How To Cut Chicken Thighs
If you are a home chef, how confident are you with your chicken cutting skills? Let’s say you are dealing with a sarku japan chicken teriyaki recipe that needs chicken breast, thigh, and wings.
Cutting breasts and wings may be easy as you can slice it out easily along a main bone, but the thighs are not easily cut like that.
So, what’s the correct way to cut chicken thighs so that you won’t waste precious amounts of chicken?
How To Cut Chicken Thighs?
Cutting or cubing chicken thighs may be difficult as there are many layers of bone and meat scramble together. But don’t worry, we’ve got your back. Let’s learn how to debone chicken thighs properly, starting with how to cut boneless chicken thighs:
1. Separate the Legs
If you have a whole chicken on your cutting board, it’s time to first remove the drumsticks from the thigh by finding the joint that joins both together. You need to use your thumb and search for the articulation point, where you will cut the thigh from the drumstick.
After pointing out that articulation point, you need a sharp knife to cut through the meat above the joint. If you have located the joint correctly, the knife will slide through easily, and you’ll have two separate pieces of chicken.
In case you get stuck, move the knife around until you find the sweet spot between the joints. After removing the drumsticks, set them aside for a different recipe. We like our smoked chicken drumsticks one.
2. Remove the Skin
If you are looking for boneless-skinless chicken thighs, then the next step would be to remove the skin. The skin can be left on and crisped up via grilling or frying, but for skinless chicken thighs, you’ll need to remove this. It will be easy since you’ll likely be able to simply pull it off without much knife work.
3. Find the Bone
Now, it’s time to find the bone hiding inside the thighs. Your chicken thigh will have a rough and a smooth side (where the skin was), and you’ll need to start with the rough side up.
In this position, you will see a single bone sticking out of the meat. This bone will be our starting point.
4. Expose the Bone
Hold one side of the chicken thigh with curled fingers of your non-dominant hand to prevent cutting yourself as the chicken might be slippery, while the dominant hand uses the knife to separate the meat from the bone.
Since the slice you’ll make is quite small, it’s best to use the knife tip to make the first move and then let the rest of the knife follow the movement. With a precise cut, you will expose the bone from one side while extracting the chicken meat that you’ll need. Repeat the same process to the other side, and you will see the bone in the middle of the thigh.
To expose the thigh, you need to follow along cutting on the bone’s surface to separate it from the meat. Make sure to use a sharp knife. Small strokes with the knife tip will produce the best results.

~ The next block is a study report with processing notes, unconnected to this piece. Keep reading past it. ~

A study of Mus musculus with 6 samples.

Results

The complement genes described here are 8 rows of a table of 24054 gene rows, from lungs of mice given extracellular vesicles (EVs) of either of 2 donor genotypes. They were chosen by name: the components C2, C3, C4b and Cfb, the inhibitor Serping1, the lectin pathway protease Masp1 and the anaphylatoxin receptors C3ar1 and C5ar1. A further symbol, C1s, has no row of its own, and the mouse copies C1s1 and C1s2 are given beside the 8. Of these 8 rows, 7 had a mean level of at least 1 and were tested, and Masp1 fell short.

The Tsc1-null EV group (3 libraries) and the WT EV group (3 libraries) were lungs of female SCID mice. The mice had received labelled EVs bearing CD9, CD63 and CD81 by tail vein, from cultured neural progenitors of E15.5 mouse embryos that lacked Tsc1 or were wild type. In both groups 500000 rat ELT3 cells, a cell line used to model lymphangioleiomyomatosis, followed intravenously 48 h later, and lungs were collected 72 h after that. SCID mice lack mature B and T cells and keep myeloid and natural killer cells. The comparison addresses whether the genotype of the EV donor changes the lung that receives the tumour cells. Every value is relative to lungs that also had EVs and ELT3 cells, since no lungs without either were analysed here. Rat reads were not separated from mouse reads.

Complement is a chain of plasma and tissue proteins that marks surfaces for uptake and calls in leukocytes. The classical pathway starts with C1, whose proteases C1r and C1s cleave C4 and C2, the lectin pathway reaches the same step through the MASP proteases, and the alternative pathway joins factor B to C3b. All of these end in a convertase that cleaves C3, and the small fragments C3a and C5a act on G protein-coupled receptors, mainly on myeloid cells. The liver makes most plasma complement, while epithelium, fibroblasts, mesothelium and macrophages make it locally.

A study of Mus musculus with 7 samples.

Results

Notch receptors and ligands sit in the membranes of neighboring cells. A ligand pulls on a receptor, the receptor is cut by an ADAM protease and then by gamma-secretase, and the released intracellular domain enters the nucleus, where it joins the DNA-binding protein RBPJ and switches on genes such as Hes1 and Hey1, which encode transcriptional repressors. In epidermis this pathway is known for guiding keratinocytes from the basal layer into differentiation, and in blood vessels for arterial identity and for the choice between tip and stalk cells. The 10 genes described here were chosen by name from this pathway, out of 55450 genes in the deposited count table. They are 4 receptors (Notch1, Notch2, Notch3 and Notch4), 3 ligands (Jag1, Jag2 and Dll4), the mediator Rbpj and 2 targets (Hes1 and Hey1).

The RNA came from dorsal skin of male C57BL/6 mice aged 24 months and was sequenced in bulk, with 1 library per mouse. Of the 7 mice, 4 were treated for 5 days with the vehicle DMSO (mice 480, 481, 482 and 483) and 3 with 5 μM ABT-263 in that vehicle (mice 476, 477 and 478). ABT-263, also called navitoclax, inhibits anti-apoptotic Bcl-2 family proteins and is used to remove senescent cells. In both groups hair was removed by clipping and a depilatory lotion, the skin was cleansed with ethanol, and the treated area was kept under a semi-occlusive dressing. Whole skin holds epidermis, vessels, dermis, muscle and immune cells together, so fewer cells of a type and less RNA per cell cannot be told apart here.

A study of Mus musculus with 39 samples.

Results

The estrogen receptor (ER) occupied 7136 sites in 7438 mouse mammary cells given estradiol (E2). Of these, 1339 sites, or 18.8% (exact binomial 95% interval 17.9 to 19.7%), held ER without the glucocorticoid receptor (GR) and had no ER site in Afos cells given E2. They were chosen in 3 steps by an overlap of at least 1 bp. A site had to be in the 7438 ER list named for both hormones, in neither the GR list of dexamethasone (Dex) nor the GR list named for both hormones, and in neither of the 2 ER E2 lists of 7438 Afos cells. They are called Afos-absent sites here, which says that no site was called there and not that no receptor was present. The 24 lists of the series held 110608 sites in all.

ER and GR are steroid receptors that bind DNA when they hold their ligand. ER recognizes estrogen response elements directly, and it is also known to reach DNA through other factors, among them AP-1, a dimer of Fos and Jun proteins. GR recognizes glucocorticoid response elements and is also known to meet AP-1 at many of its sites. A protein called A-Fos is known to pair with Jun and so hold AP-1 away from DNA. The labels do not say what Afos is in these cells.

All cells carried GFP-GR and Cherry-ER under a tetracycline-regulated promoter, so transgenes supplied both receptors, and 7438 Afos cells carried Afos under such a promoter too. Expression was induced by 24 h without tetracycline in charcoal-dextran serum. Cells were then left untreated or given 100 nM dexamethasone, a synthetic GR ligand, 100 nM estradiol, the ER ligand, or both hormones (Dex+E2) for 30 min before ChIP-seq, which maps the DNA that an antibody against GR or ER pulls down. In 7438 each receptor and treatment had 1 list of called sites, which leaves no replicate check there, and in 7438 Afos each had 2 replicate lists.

5. Separate bone from the meat
To completely separate bone from meat, just follow along both bones, leaving the inner joint for last. The joint should have a layer of fat surrounding it, which you can cut through to completely separate it from the meat.
Here is a great video of the full process, from start to finish.
6. Trim the Fat
There will be a good amount of fat around your newly deboned chicken thigh. Some of it will be more solid, while other parts will be more of a yellow, slimy substance. Although chicken fat can be delicious and will certainly add flavor to your final meal, too much fat should be trimmed off.
It will be difficult to remove all the fat from the chicken thigh. The good thing is that the fat will completely melt as soon as it sees some heat from cooking. Because of this, you really don’t need to spend too much time removing the fat. Just get rid of the big chunks, and you’ll be fine.
7. Butterfly the Thigh
If you want your raw chicken thighs to be cooked evenly, you need to do one extra step before cooking it. Called butterflying, this step will help flatten out the chicken, so it cooks better. Place the smooth side (where the skin was) down, and have the meat that used to surround the bone exposed. Use your knife to create a halfway 45-degree cut on the thicker part. Don’t cut all the way through the meat. Spread that piece of meat out until it has reached the same thickness throughout.
Here is a great video on how to properly butterfly a chicken thigh.
8. (optional) Chop Into Pieces
If your recipe calls for chopped chicken thighs, then you can simply just cut them into one inch (3 cm) chunks with a larger knife. You do not need to follow any folds in the meat for this. Roughly chopping the raw chicken thighs into mostly equal-sized pieces will help your meal cook more evenly as well.
What Are Tips On How To Cut Chicken Thighs?
Trimming chicken thighs seems a little daunting at first, but these tips should help you get it right:
- Always purchase fresh chicken. Chicken that is no longer fresh will start to smell bad quickly, at which point you should throw it out. Fresh chicken will be much easier to cut as well.
- Refrigerate your chicken! Leaving it sitting too long at room temperature can create an ideal environment for bacteria and debris to invade and spoil your chicken. Always keep your raw chicken in the fridge.
- A sharp knife works best. Believe it or not, you have a better chance at cutting yourself with a dull knife. This is because you end up having to strain or push harder to get through the meat, bone, or tendons with a dull knife. A knife that is properly sharpened should glide right through anything you come in contact with inside the chicken thigh.